Your doctor will order blood tests to get a better understanding of your overall health before starting treatment. These tests reveal blood type, check for possible hormonal imbalances and determine whether you (or your partner) carry any genetic or infectious diseases or antibodies - all of which can affect the health and outcome of a pregnancy.
Hormones That Affect Fertility in Women
Hormones control every step in achieving pregnancy, from stimulating the development of an egg, to ovulation and implantation of a fertilized egg in the uterus. Each hormone that plays a role in conception must be produced in a specific amount at a precise time in a menstrual cycle. Hormonal studies measure the levels of certain hormones produced during a cycle. Blood test results, along with other testing, will help determine the best treatment options.
Hormones that control ovulation and implantation of the egg are:
Estradiol stimulates the growth of your follicles and the production of fertile mucus from the cervix, and prepares your uterine lining for implantation of a fertilized egg.
The level of Anti-Mullerian Hormone (AMH) in your blood is generally a good indicator of ovarian reserve, or the number of eggs in your ovaries.
Follicle-stimulating Hormone (FSH) stimulates the development of the e
Luteinizing Hormone (LH) stimulates the release of the egg from the follicle (ovulation).
Progesterone stabilizes your uterine lining for implantation of a fertilized egg and supports early pregnancy.
Normally, small amounts of androgens — testosterone and DHEAS (dehydroepiandrosterone sulfate) — are produced in women. Excess production may interfere with development of the follicles, ovulation, and cervical mucus production.
Prolactin stimulates milk production. Blood levels may be higher than normal in certain disorders or if you are taking certain medications.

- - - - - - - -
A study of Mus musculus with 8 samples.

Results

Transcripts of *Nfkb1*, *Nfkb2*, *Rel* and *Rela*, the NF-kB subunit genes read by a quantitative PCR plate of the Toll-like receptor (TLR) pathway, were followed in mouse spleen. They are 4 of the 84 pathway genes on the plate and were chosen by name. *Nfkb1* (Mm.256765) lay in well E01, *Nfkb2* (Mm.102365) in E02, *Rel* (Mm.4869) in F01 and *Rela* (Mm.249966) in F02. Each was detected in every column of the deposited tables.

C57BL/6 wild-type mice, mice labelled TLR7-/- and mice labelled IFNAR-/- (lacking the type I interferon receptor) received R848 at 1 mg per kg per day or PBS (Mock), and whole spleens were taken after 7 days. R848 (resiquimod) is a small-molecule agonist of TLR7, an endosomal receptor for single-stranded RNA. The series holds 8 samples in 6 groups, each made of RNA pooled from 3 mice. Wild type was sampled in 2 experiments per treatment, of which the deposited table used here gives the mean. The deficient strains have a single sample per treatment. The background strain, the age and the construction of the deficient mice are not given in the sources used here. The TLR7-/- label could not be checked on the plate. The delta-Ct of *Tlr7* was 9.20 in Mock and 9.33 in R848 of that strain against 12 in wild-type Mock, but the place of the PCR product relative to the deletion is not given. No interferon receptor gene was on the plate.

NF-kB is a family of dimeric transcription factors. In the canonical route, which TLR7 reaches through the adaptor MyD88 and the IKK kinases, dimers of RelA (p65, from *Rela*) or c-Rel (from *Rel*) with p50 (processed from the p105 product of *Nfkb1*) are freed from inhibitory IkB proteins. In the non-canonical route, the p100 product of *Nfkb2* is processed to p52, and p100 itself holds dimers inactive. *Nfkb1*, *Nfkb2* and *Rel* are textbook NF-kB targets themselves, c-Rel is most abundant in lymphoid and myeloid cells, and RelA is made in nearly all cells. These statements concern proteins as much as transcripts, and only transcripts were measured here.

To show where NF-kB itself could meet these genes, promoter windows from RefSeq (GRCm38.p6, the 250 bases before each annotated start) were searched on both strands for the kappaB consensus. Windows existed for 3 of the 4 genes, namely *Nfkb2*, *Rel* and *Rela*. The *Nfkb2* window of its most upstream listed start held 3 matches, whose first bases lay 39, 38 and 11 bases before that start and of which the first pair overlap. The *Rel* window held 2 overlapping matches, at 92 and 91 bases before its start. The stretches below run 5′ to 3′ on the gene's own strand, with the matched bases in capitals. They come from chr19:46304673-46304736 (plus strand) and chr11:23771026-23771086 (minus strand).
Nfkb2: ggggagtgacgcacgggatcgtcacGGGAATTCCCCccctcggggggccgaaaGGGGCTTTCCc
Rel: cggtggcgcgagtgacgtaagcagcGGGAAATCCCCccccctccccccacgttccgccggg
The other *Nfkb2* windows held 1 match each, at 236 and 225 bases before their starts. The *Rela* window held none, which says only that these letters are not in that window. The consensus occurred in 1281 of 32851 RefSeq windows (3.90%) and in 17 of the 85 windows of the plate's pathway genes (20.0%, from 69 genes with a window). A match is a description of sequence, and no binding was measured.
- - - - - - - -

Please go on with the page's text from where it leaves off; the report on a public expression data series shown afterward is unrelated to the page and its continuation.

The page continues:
An under-active thyroid (hypothyroidism) can result in high prolactin levels.
What to Expect
During an initial visit, your doctor will review your health history and order blood work before treatment begins. If you had any related blood work within the previous 6-12 months, you should make the results available to your care team. Due to their nature, we may need to do certain tests in-house as opposed to a third party.
If any of the above tests reveal abnormalities, your doctor will recommend the best options for going forward. Regarding hormone levels, there are some inconsistencies to consider when interpreting AMH levels. Since the AMH test has not been in routine use for many years, the levels considered to be “normal” are not yet clarified and agreed upon by the experts.
The table below has AMH interpretation guidelines from fertility literature. It is important not to get caught up in the cutoff values shown. For example, the difference between a 0.6 and a 0.7 ng/ml test result puts a woman in a “different box” in this table, but there is little difference in fertility potential. In reality, it is a continuum and not something that categorizes well.